Katy Wolfe sometimes gets quizzical looks from friends and classmates when she talks about her athletic pursuits. When people think of sports, they tend to imagine soccer, football, basketball and lacrosse.
But this Ellicott City teenager is a competitive climber.
"It's hard to explain," said Wolfe, a 15-year-old student at Marriotts Ridge High School. "They think it's about getting to the top the fastest. But it's more than that. It's all about technique."
Rock-climbing is just one of the options for athletic kids thinking outside conventional activities. In recent years, youth enrollment has fallen in traditionally popular sports like basketball, football and soccer, according to the Sports & Fitness Industry Association. For some kids, traditional sports are too competitive or require athletic skills they don't possess. Others have parents are looking for alternatives to injury-prone contact sports. Dodgeball, disc golf, archery, karate — myriad options and teams give local kids the opportunity to stay active, build character and develop confidence when popular sports aren't the right fit.
"We have traditional athletes and non-athletes," said Mark Simons, director of the Youth Ultimate Disc League in Howard County. Some are simply looking for activities in between seasons of more common sports. "Kids today spend a lot of time in front of computers. This gives them a chance to be outside."
It also teaches offense and defensive play, field strategy, agility, running stamina and other skills transferable to other sports, he said.
Beyond the physical benefits, parents seek out alternative sports because they want their children to learn good sportsmanship — how to compete on the field and then shake hands at the end of the game — when they've tried traditional sports to no avail. Teams also offer camaraderie and a chance to cheer on peers in ways that aren't always available in classrooms and other social settings.
"You should see their confidence pick up," Simons said.
Rachel Calamba's 14-year-old son, Caleb Dole, wasn't interested in sports, but she wanted him to exercise.
"I told him: 'You pick,'"when they joined a gym, she said.
He chose climbing, quickly becoming so good that they sought out the additional expertise at Earth Treks, even commuting from Reston twice a week to Columbia.
"His personality really came out," said Calamba. "People talk to him. … It's been really fun to watch."
And Calamba found she enjoyed climbing, too. "You're always testing yourself," she said. "Eighty percent of it is mental. … Now, it's something we can do together."
Matt Medicus, adventure and outdoor supervisor for the Howard County Department of Recreation and Parks, said archery is a sport worth considering for similar reasons. "They're learning focus and mental concentration. … It teaches them the basics of organized sports. They work with partners, scoring each other. And they learn to self-critique. They perfect their technique from watching their teammates. They learn from each other."
There are even parent-child classes.
Non-traditional sports can carry other perks. Many of them, including badminton, are not expensive, which allows children to try them with little investment. For badminton, no special shoes or fancy fields are required — just a racket and shuttlecock, said Sigen Chen, coach for the Catonsville Badminton Club. A net isn't even necessary, especially for practice.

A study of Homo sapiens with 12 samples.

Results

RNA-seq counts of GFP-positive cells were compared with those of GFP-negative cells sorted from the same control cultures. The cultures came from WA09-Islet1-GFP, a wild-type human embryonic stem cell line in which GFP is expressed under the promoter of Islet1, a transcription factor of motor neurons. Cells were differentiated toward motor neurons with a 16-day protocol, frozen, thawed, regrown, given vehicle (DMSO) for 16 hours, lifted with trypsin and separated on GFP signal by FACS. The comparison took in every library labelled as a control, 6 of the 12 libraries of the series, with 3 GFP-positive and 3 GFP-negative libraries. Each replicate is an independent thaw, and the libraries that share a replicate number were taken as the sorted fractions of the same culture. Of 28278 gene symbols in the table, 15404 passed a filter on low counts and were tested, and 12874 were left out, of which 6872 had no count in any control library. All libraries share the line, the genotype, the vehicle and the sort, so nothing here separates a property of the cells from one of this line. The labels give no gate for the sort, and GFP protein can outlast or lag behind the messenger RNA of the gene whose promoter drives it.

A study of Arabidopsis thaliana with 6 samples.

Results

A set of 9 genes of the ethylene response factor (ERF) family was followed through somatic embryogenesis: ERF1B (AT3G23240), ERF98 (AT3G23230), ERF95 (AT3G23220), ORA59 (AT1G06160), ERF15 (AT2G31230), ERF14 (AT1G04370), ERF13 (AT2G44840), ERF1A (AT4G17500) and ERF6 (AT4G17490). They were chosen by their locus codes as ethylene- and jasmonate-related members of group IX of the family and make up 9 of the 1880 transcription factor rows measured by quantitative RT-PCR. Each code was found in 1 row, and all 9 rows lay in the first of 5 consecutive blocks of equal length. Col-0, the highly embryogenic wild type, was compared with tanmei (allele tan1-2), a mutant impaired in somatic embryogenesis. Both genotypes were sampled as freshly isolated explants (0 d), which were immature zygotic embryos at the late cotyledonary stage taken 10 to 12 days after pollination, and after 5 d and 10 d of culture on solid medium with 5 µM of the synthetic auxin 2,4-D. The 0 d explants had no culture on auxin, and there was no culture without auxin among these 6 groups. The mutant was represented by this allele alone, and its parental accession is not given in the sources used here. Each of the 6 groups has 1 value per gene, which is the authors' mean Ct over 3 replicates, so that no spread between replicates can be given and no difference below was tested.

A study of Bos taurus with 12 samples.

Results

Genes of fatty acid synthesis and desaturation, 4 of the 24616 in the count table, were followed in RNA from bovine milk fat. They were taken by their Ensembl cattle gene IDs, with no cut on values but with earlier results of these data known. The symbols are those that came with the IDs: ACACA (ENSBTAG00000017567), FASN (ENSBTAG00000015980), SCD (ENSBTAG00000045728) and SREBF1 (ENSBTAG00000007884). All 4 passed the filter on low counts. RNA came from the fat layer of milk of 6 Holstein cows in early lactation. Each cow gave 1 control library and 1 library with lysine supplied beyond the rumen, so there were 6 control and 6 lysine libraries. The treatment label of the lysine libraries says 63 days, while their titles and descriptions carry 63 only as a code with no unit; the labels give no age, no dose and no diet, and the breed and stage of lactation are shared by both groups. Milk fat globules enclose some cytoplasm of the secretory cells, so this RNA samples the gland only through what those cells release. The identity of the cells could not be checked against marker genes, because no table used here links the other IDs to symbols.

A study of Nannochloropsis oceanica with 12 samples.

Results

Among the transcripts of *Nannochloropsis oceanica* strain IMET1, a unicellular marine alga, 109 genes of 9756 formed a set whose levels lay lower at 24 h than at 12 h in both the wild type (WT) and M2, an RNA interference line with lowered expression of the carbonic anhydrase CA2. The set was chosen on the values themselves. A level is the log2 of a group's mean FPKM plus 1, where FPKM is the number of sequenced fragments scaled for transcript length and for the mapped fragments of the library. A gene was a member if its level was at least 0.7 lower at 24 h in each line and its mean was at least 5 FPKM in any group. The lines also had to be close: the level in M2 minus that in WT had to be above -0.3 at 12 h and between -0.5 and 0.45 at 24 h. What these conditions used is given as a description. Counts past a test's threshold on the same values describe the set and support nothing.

"You can play with two or four," Chen said. "It's flexible. … There's no physical contact, which is one of the reasons it's popular."
As research emerges linking sports to brain injuries, some parents hesitate to enroll their children in high-risk sports like football, opting instead for low-contact sports. Those sorts of sports, where the size of a player isn't such an important factor, can also open opportunities to play on teams that span different age groups.
"Younger kids can play with older ones," Chen says of badminton. "It really can be a family sport."
That's not to say it and other alternative sports can't be competitive.
At Earth Treks, there are three levels of climbers, ages 9 to 18. The most advanced will compete at the national level.
"It's a lot like tennis, with singles matches that accrue points for the team," said coach Matt Jones.
Still, most of the climbers are not also playing tennis, he said.
"They're not usually your typical athletes, the kids you'll see on the soccer or baseball fields," Jones said. "They're often a little spacier, a little artsier. Sometimes, they'll have been here for a birthday party. Or sometimes their parents are saying they've tried everything else, and 'I just wanted them to do something' besides play video games."
It helps, he said, that "sometimes the best climbers are the least coordinated. It makes no sense, but it's often true."
Amelia Cannon, a 10-year-old from Silver Spring, played tennis, soccer and basketball, and tried ballet and gymnastics. But, she said, "I got bored with the rest. I like climbing the best. There are so many holds and moves."
Although Katy Wolfe once played softball, after a birthday party at the rock-climbing gym in Columbia she quickly became into climbing. Now, her sister and her parents all climb. "I love the feeling get when you make it to the top."